I’ve been a long-time fan of two-factor authentication, using Google Authenticator to represent “something I have” in addition to the password, which is “something I know.” So, of course, when GitHub added two-factor authentication, I immediately enabled it on my account.
Last night, unable to sleep, I noticed an update to Google Authenticator in the App Store. This is an app that hasn’t been updated for several years, so I was curious to see what the improvements were. I opened the app, and all of my tokens had vanished. Sure enough, Calvin reported the same issue on Hacker News. This SNAFU, in addition to my growing distrust of Google, inspired me to try and find a new, non-Google app to authenticate. I also decided to learn how it worked. Luckily, the algorithm—the Time-Based One-Time Password Algorithm (TOTP)—is very simple.
First, your authenticator app and the server must agree on a shared secret. The most common way this happens is that the server generates a secret and then displays a QR code to scan.
LABEL can be used to describe the key in your app, while
the 16-character base32-encoded shared secret, which is now
known to both the client and the server.
…But Don’t Share With Everyone
Now, a shared secret is a pretty weak method of authentication, because the user can memorize it, effectively making it “something I know.” Also, a man-in-the-middle attack is alarmingly easy: the client will just tell you its secret!
A hash of the secret proves that we know it, without revealing
what the secret is, but is still susceptible to a replay attack because
the hash of the secret will never change. So an additional “moving factor”
is combined with the shared secret in a
hash-based message authentication code (HMAC)
In HOTP, a predecessor to TOTP, the moving factor is a simple 8 byte counter. In TOTP, the moving factor is the passage of time! (That’s why it is called the time-based one-time password algorithm.) The two algorithms are otherwise identical; in fact, TOTP is defined as an extension to HOTP.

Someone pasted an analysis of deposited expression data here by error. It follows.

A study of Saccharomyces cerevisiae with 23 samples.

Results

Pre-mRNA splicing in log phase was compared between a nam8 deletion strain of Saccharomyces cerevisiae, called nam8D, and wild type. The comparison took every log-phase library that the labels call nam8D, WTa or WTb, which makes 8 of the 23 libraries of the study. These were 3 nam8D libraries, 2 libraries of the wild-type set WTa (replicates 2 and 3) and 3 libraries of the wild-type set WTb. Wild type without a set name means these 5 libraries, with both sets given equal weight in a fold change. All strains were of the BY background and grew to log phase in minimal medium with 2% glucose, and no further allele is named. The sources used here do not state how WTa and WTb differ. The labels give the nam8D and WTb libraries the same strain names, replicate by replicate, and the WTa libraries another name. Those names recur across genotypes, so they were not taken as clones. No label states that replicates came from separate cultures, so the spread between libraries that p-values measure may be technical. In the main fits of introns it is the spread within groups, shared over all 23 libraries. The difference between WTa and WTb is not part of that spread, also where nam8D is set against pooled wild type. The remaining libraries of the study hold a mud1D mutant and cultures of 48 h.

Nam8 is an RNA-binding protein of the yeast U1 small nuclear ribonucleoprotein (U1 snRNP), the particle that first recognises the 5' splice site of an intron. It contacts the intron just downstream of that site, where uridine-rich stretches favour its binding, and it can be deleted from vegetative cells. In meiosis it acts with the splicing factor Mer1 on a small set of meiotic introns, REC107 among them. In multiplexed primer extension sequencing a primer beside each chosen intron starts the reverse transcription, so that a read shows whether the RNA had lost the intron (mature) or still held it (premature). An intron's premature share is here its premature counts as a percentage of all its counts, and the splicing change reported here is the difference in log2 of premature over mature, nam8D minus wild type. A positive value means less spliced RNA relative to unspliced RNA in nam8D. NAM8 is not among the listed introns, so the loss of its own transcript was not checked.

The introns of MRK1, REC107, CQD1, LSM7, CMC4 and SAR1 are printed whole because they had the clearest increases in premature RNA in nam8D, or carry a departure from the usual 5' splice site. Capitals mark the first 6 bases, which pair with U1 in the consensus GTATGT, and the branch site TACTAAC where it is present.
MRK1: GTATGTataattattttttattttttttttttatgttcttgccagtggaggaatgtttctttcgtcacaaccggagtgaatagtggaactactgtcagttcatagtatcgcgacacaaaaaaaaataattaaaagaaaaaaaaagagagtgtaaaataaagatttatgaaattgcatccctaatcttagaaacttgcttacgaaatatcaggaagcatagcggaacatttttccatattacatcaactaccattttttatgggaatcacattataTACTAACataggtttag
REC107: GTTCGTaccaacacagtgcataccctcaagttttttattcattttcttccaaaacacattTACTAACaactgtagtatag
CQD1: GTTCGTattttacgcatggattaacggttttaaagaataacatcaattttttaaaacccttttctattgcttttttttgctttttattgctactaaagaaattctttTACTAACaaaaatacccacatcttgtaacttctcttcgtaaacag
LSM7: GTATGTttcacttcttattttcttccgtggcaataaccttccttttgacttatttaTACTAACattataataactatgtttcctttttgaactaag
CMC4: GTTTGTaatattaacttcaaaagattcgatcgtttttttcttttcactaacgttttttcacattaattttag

TOTP uses Unix time (roughtly the number of seconds that have passed since
January 1, 1970 GMT) to measure time. Since this would cause a new code
to be generated each second, a time step
X=30 is defined by default,
meaning a new code is only generated every 30 seconds so that users have
enough time to type in the code after it has been generated.
Aside: latency and clock skew
The Internet can be slow, and clocks might not match exactly, so some leniency is allowed. RFC6238 recommends looking an extra time step in either direction, which essentially opens the window from 30 seconds to 90 seconds.
Computing a one-time code
HMAC-SHA-1 algorithm is run with the secret key and the current
We could use this directly, but the user would have to type in an approximately 49-digit number every time they want to authenticate. (Plus, they would have to type this number, error-free, in 30 seconds!)
The code is shortened to 31 bits with dynamic truncation:
The offset is defined as the lower 4 bits of the last byte.
The last byte of
HS is hex
5a; its lower 4 bits are therefore hex
Smoosh together the 4 bytes starting at offset 10:
And truncate it further to a 31-bit number by making sure the top bit is cleared (in this case, it already is, so the number does not change):
Then convert that value to a decimal number:
And show the last 6 digits:
The user types this in. The server performs the same calculation and compares the values. If they match, the server knows that the user has possession of the authenticator device, and they can be authenticated. If not, the server knows the current session is invalid. In less than 30 seconds, the time step will increment, and the code will change.
With a few simple building blocks, a token-based form of authentication is made using only software. With a password, the user now has two-factor authentication and will be less susceptible to many types of attacks.